Koerich, Gabrielle, Assis, Jorge, Costa, Giulia Burle, Sissini, Marina Nasri, Serrão, Ester A., Rörig, Leonardo Rubi, Hall-Spencer, Jason M., Barufi, José Bonomi, Horta, Paulo Antunes
The Science of the total environment 2020 v.700 pp. 134692
Grateloupia turuturu, biocenosis, biodiversity, climate change, ecological function, ecophysiology, geographical distribution, invasive species, macroalgae, models, niches, photosynthesis, prediction, risk, ships, temperate zones, temperature, traffic, South America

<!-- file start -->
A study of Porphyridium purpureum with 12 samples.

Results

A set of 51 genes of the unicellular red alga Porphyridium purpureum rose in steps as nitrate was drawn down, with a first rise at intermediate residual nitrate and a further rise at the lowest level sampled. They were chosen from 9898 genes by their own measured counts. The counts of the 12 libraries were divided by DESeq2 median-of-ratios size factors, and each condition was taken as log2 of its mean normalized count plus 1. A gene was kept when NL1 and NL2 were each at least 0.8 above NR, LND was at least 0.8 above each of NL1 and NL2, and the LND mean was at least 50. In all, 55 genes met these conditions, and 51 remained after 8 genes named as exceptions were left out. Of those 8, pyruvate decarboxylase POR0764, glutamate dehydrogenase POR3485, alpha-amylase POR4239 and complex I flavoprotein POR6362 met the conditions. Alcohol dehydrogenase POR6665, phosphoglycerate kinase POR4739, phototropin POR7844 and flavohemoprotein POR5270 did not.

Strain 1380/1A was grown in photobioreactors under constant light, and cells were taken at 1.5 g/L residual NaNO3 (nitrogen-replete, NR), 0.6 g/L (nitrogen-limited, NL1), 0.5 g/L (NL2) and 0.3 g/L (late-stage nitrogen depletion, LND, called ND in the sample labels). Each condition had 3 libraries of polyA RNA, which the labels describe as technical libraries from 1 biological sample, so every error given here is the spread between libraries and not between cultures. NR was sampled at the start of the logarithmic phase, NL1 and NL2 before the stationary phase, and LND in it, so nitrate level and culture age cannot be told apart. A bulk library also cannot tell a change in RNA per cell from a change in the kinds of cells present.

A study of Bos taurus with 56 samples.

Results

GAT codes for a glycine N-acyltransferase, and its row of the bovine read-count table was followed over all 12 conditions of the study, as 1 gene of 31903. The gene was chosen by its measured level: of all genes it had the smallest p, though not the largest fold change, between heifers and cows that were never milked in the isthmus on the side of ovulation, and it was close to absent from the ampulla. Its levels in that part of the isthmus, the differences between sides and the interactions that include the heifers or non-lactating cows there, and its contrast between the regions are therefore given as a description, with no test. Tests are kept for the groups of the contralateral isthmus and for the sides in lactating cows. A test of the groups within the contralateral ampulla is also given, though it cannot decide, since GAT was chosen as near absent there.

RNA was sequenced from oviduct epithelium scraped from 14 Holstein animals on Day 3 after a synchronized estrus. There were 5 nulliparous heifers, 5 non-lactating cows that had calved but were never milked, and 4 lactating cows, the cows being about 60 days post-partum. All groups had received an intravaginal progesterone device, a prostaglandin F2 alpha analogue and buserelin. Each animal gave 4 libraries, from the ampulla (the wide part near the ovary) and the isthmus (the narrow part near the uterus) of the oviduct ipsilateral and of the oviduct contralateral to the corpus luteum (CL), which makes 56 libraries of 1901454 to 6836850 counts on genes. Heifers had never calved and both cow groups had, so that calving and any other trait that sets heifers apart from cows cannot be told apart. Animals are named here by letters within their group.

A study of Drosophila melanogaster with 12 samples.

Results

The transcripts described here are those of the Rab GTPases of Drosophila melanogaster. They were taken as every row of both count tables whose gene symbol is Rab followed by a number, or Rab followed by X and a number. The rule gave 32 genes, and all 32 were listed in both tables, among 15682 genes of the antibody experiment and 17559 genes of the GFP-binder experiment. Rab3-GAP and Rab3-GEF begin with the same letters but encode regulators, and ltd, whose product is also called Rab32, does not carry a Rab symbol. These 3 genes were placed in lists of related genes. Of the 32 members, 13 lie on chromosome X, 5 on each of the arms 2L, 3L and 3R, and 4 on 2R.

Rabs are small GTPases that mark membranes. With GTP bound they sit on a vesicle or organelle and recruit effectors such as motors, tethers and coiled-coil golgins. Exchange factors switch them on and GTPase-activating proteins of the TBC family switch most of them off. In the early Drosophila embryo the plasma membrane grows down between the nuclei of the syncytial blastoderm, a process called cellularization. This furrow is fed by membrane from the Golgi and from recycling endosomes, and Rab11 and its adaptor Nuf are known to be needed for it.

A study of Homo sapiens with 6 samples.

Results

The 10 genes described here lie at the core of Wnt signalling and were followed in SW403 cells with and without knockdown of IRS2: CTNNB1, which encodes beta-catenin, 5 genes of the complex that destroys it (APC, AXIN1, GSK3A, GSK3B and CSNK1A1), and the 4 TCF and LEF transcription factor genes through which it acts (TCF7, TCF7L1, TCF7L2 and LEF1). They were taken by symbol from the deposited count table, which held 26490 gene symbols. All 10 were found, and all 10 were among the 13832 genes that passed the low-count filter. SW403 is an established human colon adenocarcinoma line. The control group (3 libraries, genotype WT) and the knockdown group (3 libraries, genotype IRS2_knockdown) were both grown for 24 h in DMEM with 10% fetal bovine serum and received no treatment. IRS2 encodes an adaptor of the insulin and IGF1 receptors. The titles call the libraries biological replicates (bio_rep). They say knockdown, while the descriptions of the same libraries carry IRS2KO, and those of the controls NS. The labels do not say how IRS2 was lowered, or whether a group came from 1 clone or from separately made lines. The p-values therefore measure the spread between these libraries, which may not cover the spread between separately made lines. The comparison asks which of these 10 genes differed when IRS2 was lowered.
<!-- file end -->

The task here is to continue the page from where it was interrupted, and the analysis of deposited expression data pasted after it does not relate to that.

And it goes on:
Marine bioinvasions are increasing worldwide by a number of factors related to the anthroposphere, such as higher ship traffic, climate change and biotic communities’ alterations. Generating information about species with high invasive potential is necessary to inform management decisions aiming to prevent their arrival and spread. Grateloupia turuturu, one of the most harmful invasive macroalgae, is capable of damaging ecosystem functions and services, and causing biodiversity loss. Here we developed an ecological niche model using occurrence and environmental data to infer the potential global distribution of G. turuturu. In addition, ecophysiological experiments were performed with G. turuturu populations from different climatic regions to test predictions regarding invasion risk. Our model results show high suitability in temperate and warm temperate regions around the world, with special highlight to some areas where this species still doesn’t occur. Thalli representing a potential temperate region origin, were held at 10, 13, 16, 20 and 24 °C, and measurements of optimal quantum field (Fv/Fm) demonstrated a decrease of photosynthetic yield in the higher temperature. Thalli from the population already established in warm temperate South Atlantic were held at 18, 24 and 30 °C with high and low nutrient conditions. This material exposed to the higher temperature demonstrated a drop in photosynthetic yield and significant reduction of growth rate. The congregation of modelling and physiological approach corroborate the invasive potential of G. turuturu and indicate higher invasion risk in temperate zones. Further discussions regarding management initiatives must be fostered to mitigate anthropogenic transport and eventually promote eradication initiatives in source areas, with special focus in the South America. We propose that this combined approach can be used to assess the potential distribution and establishment of other marine invasive species.